When it first opened in 2014, Pince & Pints Restaurant and Bar at Duxton garnered a reputation for excellent lobsters fresh off the Atlantic Coast. Fans would therefore be glad to know that the brand has finally expanded with a second outlet in the midst of idyllic Katong.
As I walked down a charming stretch of shophouses on a drizzly Thursday evening, the restaurant’s classy, black-framed, parlour-like full length panels stood out from the rest of its neighbours. A well-stocked bar awaits you as you enter, and I was quickly ushered to the main dining area upstairs.
Its minimalistic and loft-like layout struck a chord in me immediately; there were huge long wooden tables for a big gathering, but the faux-marble tops for the small tables made the area inviting as well. Later did I know that the inspiration behind Pince & Pints was from the owner’s own experience in New York and Boston. As I sat down, I can’t help but notice the interesting grid-like cage ornament on their menu, much like the famed grid street system in New York City (or it may just be my vivid imagination).
Pince & Pints prides itself on serving the best and freshest lobsters in town. Twice weekly, fresh Atlantic lobsters are flown in from the US East Coast, and are transported and stored in in-house tanks before being served to their customers. Incidentally, its distributor also provides fresh seafood to other leading establishments, so you will be guaranteed of the authenticity and the freshness of the crustaceans that you get here.
The Lobster Roll with an exceptional Bun!
We started off with one of their in-house cocktails, Highway Run Into The Midnight Sun ($18++), a refreshing and somewhat overly tangy concoction of gin, vodka and fresh lime with a hint (or two) of cilantro. This is a drink best enjoyed after a brief walk in the summer heat.
The Mixed Platter ($32++; custom tasting portion) was served up next. A mound of perfectly fried fish skin, fried calamari and straight cut fries, what sold me was the incredibly light and refreshing tartar sauce. To be honest, I was never a fan of tartar sauce because of the overly briny versions that we normally get elsewhere. I, however, found myself going back for the restaurant’s tartar sauce more, and more.
The Live Oysters ($30++ for half a dozen) were fresh and decently plump with a pleasant brininess to it, and went really well with the light and tangy red wine vinaigrette.
The Lobster Roll ($58++) is the restaurant’s signature dish. Lobster chunks were laid on top of a toasted bun, and the portion was generous in a light coating of garlic aioli. I was completely thrown away by the bun: it was buttery, golden, and pillow-y. The lobster chunks were intensely savoury, and its salinity paired really well with the sweet and crispy bun. An In-house butter sauce was also provided, and when eaten with the roll gave a smooth round-up to the moreish flavours.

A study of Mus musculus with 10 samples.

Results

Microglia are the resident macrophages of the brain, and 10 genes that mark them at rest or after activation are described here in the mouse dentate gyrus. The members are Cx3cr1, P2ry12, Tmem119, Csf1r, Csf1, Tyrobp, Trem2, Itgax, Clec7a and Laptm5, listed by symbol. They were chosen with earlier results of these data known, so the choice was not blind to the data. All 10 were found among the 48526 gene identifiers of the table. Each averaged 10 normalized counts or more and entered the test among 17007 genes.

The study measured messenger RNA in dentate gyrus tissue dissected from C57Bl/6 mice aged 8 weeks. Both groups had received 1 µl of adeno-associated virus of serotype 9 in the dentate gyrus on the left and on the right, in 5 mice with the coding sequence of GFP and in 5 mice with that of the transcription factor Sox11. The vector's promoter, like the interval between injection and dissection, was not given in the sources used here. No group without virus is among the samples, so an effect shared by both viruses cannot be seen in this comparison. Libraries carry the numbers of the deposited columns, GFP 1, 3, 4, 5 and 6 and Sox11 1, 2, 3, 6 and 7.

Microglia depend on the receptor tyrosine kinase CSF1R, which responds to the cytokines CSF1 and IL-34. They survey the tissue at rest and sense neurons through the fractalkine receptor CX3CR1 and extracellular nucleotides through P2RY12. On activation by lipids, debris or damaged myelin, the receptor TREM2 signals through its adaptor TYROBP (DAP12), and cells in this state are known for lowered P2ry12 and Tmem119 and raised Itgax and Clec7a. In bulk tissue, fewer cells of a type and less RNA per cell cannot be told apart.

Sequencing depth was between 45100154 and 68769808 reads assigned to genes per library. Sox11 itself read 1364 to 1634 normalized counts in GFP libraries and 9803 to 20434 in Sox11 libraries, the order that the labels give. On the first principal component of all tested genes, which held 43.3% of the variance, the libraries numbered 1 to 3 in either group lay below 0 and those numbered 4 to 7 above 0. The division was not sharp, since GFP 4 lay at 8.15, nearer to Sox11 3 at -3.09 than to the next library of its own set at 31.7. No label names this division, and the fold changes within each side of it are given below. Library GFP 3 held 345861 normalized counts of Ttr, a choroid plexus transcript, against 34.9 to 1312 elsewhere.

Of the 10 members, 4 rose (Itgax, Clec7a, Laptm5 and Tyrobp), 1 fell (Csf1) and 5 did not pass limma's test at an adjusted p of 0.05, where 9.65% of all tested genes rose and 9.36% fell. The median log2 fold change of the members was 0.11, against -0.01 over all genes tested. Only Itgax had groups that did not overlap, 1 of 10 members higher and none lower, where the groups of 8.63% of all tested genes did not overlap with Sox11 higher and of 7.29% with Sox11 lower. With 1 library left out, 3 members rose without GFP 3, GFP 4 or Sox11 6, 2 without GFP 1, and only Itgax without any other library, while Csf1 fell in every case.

We also had the Steamed Live Whole Lobster ($58++) over the more common grilled version, and had no regrets. Steaming the lobster retained its moisture, and this resulted in a briny but sweet, and somewhat mineral-ly tasting juicy piece of meat. The same butter sauce was served alongside, which when paired with the meat gave it an excellent mouthfeel.
A Divine Lobster Mac & Cheese
Another great rendition of a classic dish would be the Lobster Mac & Cheese ($29++). Glistening in a golden hue, this version had elbow macaroni and large chunks of lobster meat tumbled in a cheesy yet light béchamel. The addition of the lobster lends the dish some salinity which cuts the creamy sauce and making it easy on the palate, and the addition of cognac gave it a slightly flavourful dimension. I am normally averse to creamy dishes, but the lobster macaroni and cheese was certainly an exception. One thing to note: I wish the macaroni could have been cooked a little lesser for a touch more bite in each spoonful.
We also had a Lobster Chowder ($38++) to taste, but I personally found it a bit lacklustre; other than the lobster meat, the dish did not really scream lobster, or seafood to me. It was also a bit heavy on the palate, and I felt it was more of a leek and potato chowder instead of a lobster one.
All in all, I am impressed with the freshness of the ingredients by Pince & Pints. The lobster roll, steamed lobster and lobster mac & cheese were all great; the pairings of the ingredients were thoughtful, yet when it’s time for the star ingredient to shine, it was duly allowed. While the price may be a little steep, the restaurant’s speciality of fresh Atlantic lobsters has its own appeal. Also, if you are looking for somewhere to give yourself a treat, or to have a place to wind down after a hectic week with a group of friends, Pince & Pints deserves a consideration. Oh, and I intend to hunt down the bakery in Chinatown that supplies them their bread for the lobster roll. It was that good.
Thank you Pince & Pints for the invitation.
This article was written by Yan Zhi.